Aevum is one of the biggest NDIS service provider for Physio and Exercise Physiology in the Sutherland Shire. We have many participants under the NDIS come from Sutherland, Miranda, Caringbah, Menai, Engadine and Cronulla. Our team are highly experienced to help you establish and achieve your goals. We work closely with many participants with multiple sclerosis (MS) in the Sutherland Shire and for this reason we have invested in advanced technology to help better equip our clinicians to achieve our participants goals. In this article we will discuss some of these.
Hamstring injuries are common in field sports like soccer within the Sutherland Shire and Helensburgh regions, or more specifically over 35 F grade soccer. The hamstrings are an incredibly powerful muscle group however generally don’t get stronger without a specific and target strength and conditioning program. With our day to day lives we use our quadriceps a lot and they can maintain reasonable strength through normal activities of daily living.
The rotator cuff muscles and rotator cuff tendons are an integral part of a normally functioning shoulder. Therefore it is no surprise that rotator cuff injuries including rotator cuff tears, rotator cuff tendonitis and subacromial bursitis can cause significant shoulder pain and dysfunction. Fortunately, your team at Aevum Physio in the Sutherland Shire and Helensburgh know a thing or two about fixing a rotator cuff injury.
Plantar fasciitis (PF) is the bane of many runners and its one of the most common conditions we treat at Aevum Physio. Hundreds of runner’s from the Sutherland Shire and Illawarra region come into our clinic every year with this condition.
In this blog we wanted to cover ankle sprains in a little more detail as they are something very common in trail running and field sports in the Sutherland Shire. We see these injuries every week at Aevum and the rehabilitation process is a key factor in not only returning to running or sport but also in assisting to limit future injury. For any further information call Aevum Physiotherapy on 85443231.
Running has one of the largest participation rates. Statistics from the Australian Sports Commission’s 2006 survey showed an estimated 1,224,100 Australians aged 15 years and older participated in running in the 12 months prior to being surveyed. Running is a popular fitness activity because of its health benefits, affordability and convenience. However running can cause injuries, often due to overtraining – people doing too much, too soon.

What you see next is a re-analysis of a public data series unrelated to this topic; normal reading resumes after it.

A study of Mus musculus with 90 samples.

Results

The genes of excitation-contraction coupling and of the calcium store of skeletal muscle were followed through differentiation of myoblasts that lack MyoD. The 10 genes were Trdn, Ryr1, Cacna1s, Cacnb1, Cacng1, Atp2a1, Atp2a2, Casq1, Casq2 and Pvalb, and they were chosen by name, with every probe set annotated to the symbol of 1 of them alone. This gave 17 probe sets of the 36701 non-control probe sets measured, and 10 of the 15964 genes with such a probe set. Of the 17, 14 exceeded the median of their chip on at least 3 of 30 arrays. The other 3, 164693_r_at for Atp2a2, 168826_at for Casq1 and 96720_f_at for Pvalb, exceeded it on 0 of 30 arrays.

Most of us who cycle for fun would have thought cycling is an easy sport – just get on the bicycle, make sure it feels comfortable to sit on, then ride away. But things aren’t as easy as they look, because spending prolonged periods of time in a non-ideal cycling posture can result in injuries without you realising it, so today I’ll give you a run-down of what your body position should look like when you get on the bicycle.
It’s about time. I think the myth can finally be dispelled. I may get chased down the road with pitchfork carrying pre-exercise pro-stretching advocates but here I go. Stretching before exercise is about as useless in preventing injury as one of Hue Heffner’s new girlfriends trying to convince you she has no interest in money.
Now that we are heading into winter the most common injury we will see in the clinic by far are muscle tears, the most common age group affected are over 35. Out of those, the most common presentation will be from soccer players and, out of them men who have a relatively sedentary job Monday to Friday are at the greatest risk.
This being that time of year when all parents sit around a table and someone say “Not long now”, everyone looks at each other with absolute exhaustion and yet sheer joy, acknowledging with the slightest facial expression what that comment is in reference too. That time being the kids that you love so much but really don’t like so much at the moment are heading back to the parent relief centre or school as it also known to those without kids.